OFFICERS from Police Scotland have visited the restaurant in Glasgow suspected of being a “secret police base” for the Chinese communist regime.

In October, the Loon Fung on Sauchiehall Street was named in a report about a global network of overseas units, accused of conducting “persuasion operations” to coerce dissidents to return home.

Spanish-based NGO, Safeguard Defenders, identified 54 of these "overseas police service centres" across five continents and 21 countries. 

The restaurant denied any wrongdoing, with the manager telling press: “There are no secret police here.”

READ MORE: Nicola Sturgeon responds to reports that 'Glasgow's Loon Fung is front for Chinese police'

At the time, First Minister Nicola Sturgeon told MSPs she was extremely concerned by the report and that she had discussed it with Police Scotland. 

The force has been reviewing the reports for the last month, but earlier today they issued an update.

Detective Chief Superintendent Stuart Houston said: “Officers visited a restaurant on Sauchiehall Street, Glasgow as part of ongoing enquiries.

"We are continuing to assess all information, in conjunction with local and national partners.”

It comes as Safeguard Defenders identified another 48 stations across the world, bringing the total to 102 across 53 countries.

The centres are operated by public security bureaus in at least four Chinese provinces – Nantong, Wenzhou, Qingtian/Zheijang and Fuzhou.

The three in the UK – two in London and one in Glasgow – are run by Fuzhou.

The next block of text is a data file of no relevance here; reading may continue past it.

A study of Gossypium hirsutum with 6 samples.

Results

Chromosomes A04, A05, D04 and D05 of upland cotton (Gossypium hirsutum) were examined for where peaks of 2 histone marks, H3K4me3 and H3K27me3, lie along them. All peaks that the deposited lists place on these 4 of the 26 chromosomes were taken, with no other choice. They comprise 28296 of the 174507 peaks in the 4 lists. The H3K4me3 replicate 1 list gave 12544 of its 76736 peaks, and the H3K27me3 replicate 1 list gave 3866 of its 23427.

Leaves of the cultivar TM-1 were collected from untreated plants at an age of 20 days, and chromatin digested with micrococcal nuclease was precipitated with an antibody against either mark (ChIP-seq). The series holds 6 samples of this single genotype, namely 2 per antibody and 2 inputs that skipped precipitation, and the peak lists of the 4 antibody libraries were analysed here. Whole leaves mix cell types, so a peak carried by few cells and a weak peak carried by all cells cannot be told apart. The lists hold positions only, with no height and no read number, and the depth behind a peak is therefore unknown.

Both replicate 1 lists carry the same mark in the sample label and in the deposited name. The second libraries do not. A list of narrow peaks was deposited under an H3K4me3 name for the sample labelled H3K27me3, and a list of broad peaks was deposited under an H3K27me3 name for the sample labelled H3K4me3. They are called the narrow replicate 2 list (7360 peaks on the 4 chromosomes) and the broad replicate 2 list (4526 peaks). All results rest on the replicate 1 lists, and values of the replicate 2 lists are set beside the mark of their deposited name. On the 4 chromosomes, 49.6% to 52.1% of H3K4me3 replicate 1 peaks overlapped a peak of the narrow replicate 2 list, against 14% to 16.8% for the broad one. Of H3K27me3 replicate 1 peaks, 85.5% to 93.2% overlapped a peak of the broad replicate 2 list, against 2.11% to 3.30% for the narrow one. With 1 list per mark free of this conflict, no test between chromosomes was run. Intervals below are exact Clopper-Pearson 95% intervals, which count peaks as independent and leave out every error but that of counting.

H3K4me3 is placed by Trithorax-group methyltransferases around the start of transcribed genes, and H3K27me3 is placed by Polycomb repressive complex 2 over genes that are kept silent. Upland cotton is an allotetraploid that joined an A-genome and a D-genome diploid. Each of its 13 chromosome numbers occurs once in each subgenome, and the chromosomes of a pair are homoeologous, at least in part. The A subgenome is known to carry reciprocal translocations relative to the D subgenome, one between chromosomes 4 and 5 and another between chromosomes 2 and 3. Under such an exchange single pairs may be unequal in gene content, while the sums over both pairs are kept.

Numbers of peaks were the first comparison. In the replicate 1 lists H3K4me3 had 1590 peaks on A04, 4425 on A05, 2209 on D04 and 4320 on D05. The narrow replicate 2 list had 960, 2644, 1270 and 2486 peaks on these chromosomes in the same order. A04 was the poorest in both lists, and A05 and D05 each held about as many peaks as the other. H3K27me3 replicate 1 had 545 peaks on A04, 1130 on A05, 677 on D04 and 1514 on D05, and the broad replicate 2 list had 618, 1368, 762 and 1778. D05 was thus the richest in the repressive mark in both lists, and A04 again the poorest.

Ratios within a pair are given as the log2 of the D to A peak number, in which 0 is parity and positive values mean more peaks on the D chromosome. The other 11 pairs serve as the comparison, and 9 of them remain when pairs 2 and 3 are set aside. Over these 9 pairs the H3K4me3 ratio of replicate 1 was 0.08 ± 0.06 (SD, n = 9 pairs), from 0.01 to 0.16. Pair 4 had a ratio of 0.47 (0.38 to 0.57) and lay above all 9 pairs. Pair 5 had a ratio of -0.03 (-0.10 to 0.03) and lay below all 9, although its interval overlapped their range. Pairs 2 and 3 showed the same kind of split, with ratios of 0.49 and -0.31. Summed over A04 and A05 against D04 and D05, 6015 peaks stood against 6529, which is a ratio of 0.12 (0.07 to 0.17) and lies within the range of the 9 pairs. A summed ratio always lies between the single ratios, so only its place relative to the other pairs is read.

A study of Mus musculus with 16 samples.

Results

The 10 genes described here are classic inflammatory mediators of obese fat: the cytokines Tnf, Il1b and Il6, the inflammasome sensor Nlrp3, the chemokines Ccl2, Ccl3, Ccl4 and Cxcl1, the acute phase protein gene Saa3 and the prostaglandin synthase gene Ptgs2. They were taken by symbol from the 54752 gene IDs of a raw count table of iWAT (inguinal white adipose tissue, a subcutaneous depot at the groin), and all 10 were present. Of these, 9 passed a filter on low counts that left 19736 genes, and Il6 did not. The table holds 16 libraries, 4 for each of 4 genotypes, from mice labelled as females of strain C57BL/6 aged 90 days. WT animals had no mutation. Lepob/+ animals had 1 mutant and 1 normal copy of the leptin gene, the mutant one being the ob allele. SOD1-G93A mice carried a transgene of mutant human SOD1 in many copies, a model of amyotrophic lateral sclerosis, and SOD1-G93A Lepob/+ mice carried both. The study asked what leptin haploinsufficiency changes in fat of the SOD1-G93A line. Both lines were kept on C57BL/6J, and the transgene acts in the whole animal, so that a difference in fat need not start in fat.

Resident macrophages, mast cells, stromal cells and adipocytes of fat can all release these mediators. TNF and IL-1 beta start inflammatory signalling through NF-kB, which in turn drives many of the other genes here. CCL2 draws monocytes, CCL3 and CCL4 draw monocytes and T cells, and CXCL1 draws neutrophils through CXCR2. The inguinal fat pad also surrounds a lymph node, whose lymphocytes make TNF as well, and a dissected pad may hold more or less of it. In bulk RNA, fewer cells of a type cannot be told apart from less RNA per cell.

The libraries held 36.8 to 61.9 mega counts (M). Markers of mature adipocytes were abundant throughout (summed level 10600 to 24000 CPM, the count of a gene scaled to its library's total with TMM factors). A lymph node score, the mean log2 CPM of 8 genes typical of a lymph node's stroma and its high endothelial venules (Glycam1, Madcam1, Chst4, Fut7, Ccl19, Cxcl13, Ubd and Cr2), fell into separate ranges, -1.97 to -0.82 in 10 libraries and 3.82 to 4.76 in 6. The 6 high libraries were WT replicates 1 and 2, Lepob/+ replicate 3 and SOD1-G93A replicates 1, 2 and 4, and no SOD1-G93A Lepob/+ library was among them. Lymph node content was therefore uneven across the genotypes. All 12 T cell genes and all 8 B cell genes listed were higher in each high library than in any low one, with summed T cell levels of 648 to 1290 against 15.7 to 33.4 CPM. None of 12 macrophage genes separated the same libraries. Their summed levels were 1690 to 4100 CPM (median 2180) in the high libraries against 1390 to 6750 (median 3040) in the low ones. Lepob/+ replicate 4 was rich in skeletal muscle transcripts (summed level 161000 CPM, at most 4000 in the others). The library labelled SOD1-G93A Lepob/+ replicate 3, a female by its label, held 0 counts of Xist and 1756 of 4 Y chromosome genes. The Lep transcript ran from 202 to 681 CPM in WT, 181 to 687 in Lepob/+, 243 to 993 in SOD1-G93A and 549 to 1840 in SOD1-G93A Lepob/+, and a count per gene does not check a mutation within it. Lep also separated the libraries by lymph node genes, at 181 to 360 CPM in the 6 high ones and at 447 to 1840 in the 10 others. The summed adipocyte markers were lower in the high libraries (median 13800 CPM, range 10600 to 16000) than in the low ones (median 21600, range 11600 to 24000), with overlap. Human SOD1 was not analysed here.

Laura Harth, from the NGO told Fox News: “We know the Communist Party of China has been ramping up its transnational repression efforts around the world over the past years.

"And that the United Front Work networks linked to these stations have long been engaged in influence and interference operations abroad." 

"The stations appear as just the latest iteration of such growing practices," she added.

When the allegation first emerged about the Loon Fung, a spokesperson for the Chinese Consulate in Edinburgh said the allegations were "simply untrue."

They said: "Chinese public security authorities are fully committed to fighting transnational crimes in accordance with the law, while strictly observing international law and fully respecting the judicial sovereignty of other countries."

They said the overseas police stations were "service centres."

The spokesperson said: "It is learned that due to Covid-19, a large number of overseas Chinese nationals are unable to return to China in time for services such as renewing their driving license.

"As a solution to these particular difficulties, relevant sub-national authorities have opened up an online licensing platform.

"The purpose of the service centres is to help overseas Chinese nationals in need access the platform to have their driving licenses renewed and receive physical examinations."

However, the report by Safeguard Defenders claims China’s overseas offices predate the pandemic by several years.